Alabama and Georgia: Unstoppable force vs. immovable object
By WVUA 23 Digital Reporter Hunter De Siver
Ever since the start of the College Football Playoff in 2015, Alabama has made it to every playoff except for one. They have won the CFP National Championship three times and have made it to the big game five times.
In each of their games, the Tide have went up against teams with great offensive and/or defensive power. However, this year is different.
Alabama faced Georgia earlier this season in the highly anticipated SEC Championship. For the first time since they faced LSU in 2019, Nick Saban and his squad found themselves as the underdogs.
Before the SEC Championship kicked off, Georgia had been known as by far the best defense in college football. The most points they allowed going into this game was 17 against Tennessee. The Bulldogs put up 41.
A major reason for Alabama’s underdog designation for this game was due to their lack of consistency.
Offensively, the Tide were inconsistently able to run the ball effectively. Running back Brian Robinson Jr. had games of less than 60 rushing yards (including 18 against LSU). However, he’s also had multiple games of over 120 yards.
Defensively, the Tide were extremely inconsistent at each position. They’ve allowed over 20 points in six games.
One of the biggest reasons as to why they were the underdog was due to the University of Arkansas. Georgia and Alabama each played the Razorbacks this season.
No. 2 Alabama beat No. 21 Arkansas in a 42-35 shootout at Bryant-Denny Stadium in the middle of November.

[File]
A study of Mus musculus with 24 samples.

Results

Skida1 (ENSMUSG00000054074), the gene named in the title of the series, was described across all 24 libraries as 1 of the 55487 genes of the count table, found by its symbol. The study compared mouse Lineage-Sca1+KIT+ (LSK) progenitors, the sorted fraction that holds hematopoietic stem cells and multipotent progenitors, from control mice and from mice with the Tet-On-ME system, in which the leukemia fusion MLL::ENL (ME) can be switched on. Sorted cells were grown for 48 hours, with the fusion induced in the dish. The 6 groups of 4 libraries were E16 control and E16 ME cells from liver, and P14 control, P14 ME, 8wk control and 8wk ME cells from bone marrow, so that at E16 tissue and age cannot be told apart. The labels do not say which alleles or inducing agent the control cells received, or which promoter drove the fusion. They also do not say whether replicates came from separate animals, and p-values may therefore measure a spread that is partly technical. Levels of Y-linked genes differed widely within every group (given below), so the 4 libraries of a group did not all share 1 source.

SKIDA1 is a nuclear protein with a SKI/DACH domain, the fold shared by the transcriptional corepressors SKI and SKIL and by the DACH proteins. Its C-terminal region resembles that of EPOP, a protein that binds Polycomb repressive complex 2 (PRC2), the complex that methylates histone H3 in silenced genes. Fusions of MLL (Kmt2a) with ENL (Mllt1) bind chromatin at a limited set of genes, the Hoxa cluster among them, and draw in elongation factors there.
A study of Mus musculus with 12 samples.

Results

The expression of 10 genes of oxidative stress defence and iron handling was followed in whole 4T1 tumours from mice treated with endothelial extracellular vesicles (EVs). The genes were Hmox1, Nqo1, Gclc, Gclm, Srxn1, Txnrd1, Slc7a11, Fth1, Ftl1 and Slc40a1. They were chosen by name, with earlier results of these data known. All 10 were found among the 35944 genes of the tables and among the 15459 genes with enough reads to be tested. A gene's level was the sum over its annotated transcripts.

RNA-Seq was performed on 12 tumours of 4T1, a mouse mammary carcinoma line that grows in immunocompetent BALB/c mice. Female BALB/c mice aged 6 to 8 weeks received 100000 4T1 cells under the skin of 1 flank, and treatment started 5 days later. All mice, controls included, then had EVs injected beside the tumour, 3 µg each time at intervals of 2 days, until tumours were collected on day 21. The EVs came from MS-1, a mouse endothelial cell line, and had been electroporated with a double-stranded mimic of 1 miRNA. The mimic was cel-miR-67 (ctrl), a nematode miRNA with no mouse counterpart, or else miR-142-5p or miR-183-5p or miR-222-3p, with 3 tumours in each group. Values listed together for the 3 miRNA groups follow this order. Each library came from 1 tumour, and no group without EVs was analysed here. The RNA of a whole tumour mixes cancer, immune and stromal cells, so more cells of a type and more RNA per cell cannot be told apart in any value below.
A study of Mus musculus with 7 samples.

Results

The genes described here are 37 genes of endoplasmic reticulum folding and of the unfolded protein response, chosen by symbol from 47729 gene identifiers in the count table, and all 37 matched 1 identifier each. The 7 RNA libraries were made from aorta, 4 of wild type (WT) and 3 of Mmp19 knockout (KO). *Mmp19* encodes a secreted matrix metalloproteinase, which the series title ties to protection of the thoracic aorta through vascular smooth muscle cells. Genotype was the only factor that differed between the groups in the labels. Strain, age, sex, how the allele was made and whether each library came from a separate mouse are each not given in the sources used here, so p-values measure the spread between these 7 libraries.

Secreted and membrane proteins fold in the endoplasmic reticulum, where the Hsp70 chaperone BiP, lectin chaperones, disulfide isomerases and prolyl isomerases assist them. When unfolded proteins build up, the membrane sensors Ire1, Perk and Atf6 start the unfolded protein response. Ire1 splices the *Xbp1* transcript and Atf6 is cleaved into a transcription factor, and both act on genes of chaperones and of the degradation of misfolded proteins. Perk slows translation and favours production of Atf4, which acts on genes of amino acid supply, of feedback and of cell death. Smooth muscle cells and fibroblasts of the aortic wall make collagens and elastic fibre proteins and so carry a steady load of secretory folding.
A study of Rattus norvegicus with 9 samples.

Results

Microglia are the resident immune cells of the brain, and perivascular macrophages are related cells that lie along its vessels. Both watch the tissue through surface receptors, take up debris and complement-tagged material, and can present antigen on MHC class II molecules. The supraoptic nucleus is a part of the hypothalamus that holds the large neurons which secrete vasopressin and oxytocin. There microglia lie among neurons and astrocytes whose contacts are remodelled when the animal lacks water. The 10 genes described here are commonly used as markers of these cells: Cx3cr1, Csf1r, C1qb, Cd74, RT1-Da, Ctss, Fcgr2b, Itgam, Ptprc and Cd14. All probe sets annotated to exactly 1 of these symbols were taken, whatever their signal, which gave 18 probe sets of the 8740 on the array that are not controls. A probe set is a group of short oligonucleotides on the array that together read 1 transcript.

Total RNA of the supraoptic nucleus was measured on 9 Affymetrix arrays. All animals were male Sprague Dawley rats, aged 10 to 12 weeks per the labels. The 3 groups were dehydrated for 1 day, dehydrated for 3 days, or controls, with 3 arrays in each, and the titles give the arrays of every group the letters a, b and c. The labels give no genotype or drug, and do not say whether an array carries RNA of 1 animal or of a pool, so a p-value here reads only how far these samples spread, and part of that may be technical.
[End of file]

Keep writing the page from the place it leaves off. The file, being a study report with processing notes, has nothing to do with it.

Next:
Earlier in the season, No. 2 Georgia beat No. 8 Arkansas in the game of the week 37-0.
Going into the SEC Championship, Georgia was ranked No. 1 and Alabama was ranked No. 3.
Coach Saban’s unstoppable force dismantled Georgia 41-24.
Every Heisman Trophy winner has their “Heisman moment” at some point during the regular season. Quarterback Bryce Young had his moment this game by throwing for 421 yards and three touchdowns against a defense that was supposed to be immovable.
Even with a loss, Georgia still made it to the playoff as the No. 3 seed. Alabama became the No. 1 seed.
Both schools took care of business by dominating No. 4 Cincinnati and No. 2 Michigan. This was simply inevitable.
Alabama has faced Georgia in the big game before.
Back in 2018, the struggling Tide found themselves in a 13-0 halftime deficit. Saban took out future NFL star Jalen Hurts and subbed in freshman Tua Tagovailoa. Tagovailoa led a 26-23 comeback win in overtime, with a game-winning touchdown catch by future Heisman Trophy winner DeVonta Smith.
Since then, Georgia has looked forward to eventually beating the Tide more than any other team.
Can Alabama play as well as they did in the conference title game, or will their inconsistency show on the biggest and brightest stage in the sport?
Will the immovable object finally beat the unstoppable force?
Alabama and Georgia will go head-to-head on Jan. 10 at 7 p.m. on ESPN.